Bride: Stacie Walker, 24
Groom: Joseph Abdallah, 24
Occupations: Walker: School Counselor Abdallah: Scientific Researcher and Student
Wedding Date: June 18, 2011
Wedding Location: Ceremony: Cornerstone Church of God; Reception: Grand Hall in Tate Student Center at University of Georgia; both in Athens, Georgia
Starting Off with a Bang Freshmen Stacie and Joe met while moving into their respective dorms at the University of Georgia. “We were introduced by one of Stacie’s friends from high school,” explains Joe. He adds, “I thought she was cute but one of the first things I noticed were her bangs. I don’t like bangs,” admits Joe with a chuckle. Stacie shares her first recollections of Joe, “He was tall, chocolate and handsome.” But Stacie had a boyfriend at the time so their relationship was strictly platonic in the beginning. “We were just friends at first — plus I thought he was kinda nerdy,” Stacie reminisces.
I’ll Give You the Moon “I liked that she was honest and had a caring, nurturing sense about her,” says Joe. “He’s an all around nice guy. He was that person on campus everyone liked and respected,” says Stacie of Joe. As their friendship progressed, the coeds began a ritual of watching the moon together. “We became moon buddies,” Stacie recalls with a laugh. As the pair advanced from friends to couple, their spiritual faith also grew. “We read scripture together and we also made the decision not to have sex before we were married. It was a challenge but we kept the relationship interesting. I gave her a single (red, white or pink) rose every Wednesday,” says Joe. “He has strong character and is the oldest of his siblings. He sacrificed a lot growing up. His strength made me fall in love with him,” affirms Stacie.
[All images courtesy of Fixed Focal Photography.]
Culture Club When their romance became more serious, their cultural differences began to surface as well. “I was born here [in the U.S.] and Joe was born in Kenya,” Stacie explains. She adds, “Those differences made us a stronger couple.” She continues, “Trying to get our families to understand the others point of view when it came to dating and the marriage process wasn’t easy but we did it.” Joe echoes this sentiment, “My family often relied on me as the only man in the household so there was a lot of adjusting for all of us. Plus, some loved ones thought I was too young to get married and questioned if I would be able to provide for Stacie and myself. All these things definitely made us a stronger couple.”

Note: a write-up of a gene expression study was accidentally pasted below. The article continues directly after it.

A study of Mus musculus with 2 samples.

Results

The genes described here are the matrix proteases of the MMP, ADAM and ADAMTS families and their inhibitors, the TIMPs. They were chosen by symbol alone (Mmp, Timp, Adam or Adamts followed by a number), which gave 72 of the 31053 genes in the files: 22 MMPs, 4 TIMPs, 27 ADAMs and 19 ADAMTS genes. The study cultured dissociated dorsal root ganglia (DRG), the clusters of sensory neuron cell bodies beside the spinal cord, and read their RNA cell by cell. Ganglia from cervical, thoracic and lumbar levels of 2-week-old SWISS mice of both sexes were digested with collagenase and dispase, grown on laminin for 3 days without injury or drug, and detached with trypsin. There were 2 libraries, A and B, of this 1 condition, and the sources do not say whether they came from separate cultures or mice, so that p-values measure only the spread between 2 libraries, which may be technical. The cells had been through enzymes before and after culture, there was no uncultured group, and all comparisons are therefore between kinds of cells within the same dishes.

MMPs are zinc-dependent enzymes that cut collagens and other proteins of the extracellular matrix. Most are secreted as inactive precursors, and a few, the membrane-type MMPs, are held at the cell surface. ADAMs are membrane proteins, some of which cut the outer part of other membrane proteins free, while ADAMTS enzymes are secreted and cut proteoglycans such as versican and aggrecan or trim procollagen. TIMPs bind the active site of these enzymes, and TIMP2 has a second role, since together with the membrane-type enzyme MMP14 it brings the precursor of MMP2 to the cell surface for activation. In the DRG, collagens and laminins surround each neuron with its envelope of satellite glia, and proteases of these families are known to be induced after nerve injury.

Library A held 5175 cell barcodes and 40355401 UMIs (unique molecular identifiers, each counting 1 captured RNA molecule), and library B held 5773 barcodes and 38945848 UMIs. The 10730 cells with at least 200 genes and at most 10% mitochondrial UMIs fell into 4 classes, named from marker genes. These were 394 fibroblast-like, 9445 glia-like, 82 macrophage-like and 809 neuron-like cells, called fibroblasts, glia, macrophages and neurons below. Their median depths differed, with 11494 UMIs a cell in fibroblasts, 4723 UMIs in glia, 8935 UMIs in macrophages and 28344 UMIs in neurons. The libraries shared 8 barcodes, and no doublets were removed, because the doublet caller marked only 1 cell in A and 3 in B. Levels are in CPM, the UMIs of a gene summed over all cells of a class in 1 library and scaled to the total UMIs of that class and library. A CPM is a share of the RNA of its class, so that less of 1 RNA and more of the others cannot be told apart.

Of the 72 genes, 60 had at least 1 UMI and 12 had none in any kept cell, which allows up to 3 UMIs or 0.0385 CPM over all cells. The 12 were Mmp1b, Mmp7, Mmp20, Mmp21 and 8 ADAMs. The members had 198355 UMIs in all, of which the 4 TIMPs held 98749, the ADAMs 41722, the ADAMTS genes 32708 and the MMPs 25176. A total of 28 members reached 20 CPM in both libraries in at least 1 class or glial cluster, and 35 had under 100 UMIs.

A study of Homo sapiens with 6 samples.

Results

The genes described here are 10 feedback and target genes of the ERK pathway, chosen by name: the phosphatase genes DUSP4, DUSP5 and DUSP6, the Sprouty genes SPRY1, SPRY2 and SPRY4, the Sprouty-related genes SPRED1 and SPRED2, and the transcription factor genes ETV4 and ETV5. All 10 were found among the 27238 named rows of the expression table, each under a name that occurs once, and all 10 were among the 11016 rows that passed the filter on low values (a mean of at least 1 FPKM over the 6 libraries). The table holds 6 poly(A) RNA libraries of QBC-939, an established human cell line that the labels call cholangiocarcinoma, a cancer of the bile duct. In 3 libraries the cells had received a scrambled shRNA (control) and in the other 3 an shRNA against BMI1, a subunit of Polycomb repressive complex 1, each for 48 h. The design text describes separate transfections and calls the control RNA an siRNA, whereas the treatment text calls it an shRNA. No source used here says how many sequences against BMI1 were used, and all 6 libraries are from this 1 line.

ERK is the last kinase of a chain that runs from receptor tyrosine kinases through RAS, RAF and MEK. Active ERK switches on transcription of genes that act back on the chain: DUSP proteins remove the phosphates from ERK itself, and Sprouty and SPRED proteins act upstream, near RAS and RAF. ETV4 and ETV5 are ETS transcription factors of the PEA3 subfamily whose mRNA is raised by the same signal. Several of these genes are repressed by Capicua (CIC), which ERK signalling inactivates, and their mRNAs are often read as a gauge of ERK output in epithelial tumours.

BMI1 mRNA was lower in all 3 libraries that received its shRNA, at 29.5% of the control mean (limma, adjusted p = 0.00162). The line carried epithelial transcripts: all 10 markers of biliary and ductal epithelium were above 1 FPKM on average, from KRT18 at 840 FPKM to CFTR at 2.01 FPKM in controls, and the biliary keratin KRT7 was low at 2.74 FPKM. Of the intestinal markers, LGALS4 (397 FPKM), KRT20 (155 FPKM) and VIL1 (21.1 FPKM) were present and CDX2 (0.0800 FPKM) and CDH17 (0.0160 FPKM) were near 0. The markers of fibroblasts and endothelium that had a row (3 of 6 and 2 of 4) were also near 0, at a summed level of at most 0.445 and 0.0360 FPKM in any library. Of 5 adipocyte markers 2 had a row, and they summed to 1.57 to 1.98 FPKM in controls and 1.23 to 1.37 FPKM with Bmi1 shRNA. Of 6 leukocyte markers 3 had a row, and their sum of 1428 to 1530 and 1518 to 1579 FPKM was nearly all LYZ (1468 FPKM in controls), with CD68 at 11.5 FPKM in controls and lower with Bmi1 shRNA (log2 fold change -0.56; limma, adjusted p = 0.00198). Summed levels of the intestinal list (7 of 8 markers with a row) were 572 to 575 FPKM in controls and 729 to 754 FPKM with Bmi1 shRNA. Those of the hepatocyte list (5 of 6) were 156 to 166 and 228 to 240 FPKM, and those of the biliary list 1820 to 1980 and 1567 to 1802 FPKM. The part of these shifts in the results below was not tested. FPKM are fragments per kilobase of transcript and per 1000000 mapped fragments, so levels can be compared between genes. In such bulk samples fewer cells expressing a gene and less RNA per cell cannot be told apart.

It’s A Love Thing After returning from a month-long stay in Ethiopia, Joe decided to ask Stacie for her hand in marriage after receiving her parent’s blessings. Since Stacie is a self-proclaimed “detective”, he proposed when she would least expect it, at home in her apartment after a day of shopping. Stacie was in the midst of taking a nap when she woke up to “It’s a Love Thing” by The Whispers. A joyful Stacie accepted and a year later the couple became husband and wife on the University of Georgia campus where they first met. “We fell in love there so we decided to bring our friends and family there for our wedding.” “Stacie was absolutely flawless walking down the aisle,” brags Joe. Their reception was one big, fun-filled party courtesy of DJ Battle of One Sound & Entertainment. From the live music during the ceremony to non-stop dancing at their reception, Stacie and Joe’s wedding was a day their guests won’t soon forget.
Stacie’s Money Saving Tips for Future Brides
Three is the Magic Number Since Stacie was burned by booking a couple of her vendors too quickly without shopping around first, she strongly suggests nearlyweds use the magic number of three when narrowing down their wedding day choices. “Try talking to three vendors in the same category before making a final decision,” she warns.
Sisterly Bonds “I frequently used online message boards to bounce ideas off of other brides,” says Stacie. You too can rely on the savvy advice of other brides when planning your nuptials. Looking back at Triple B’s Tie the Knot Tuesday archives for past budget bridal tips is an excellent way to do this as well.
Reuse, Repurpose, Redefine “I wore my mother’s veil as my something old. It was originally attached to a hat but we detached it and sewed it onto a comb,” shares Stacie. The result of this recycling effort was not only cost-efficient but also personal and Stacie knows that no one has the same veil as she did.
Take a look at past Tie the Knot Tuesday features here.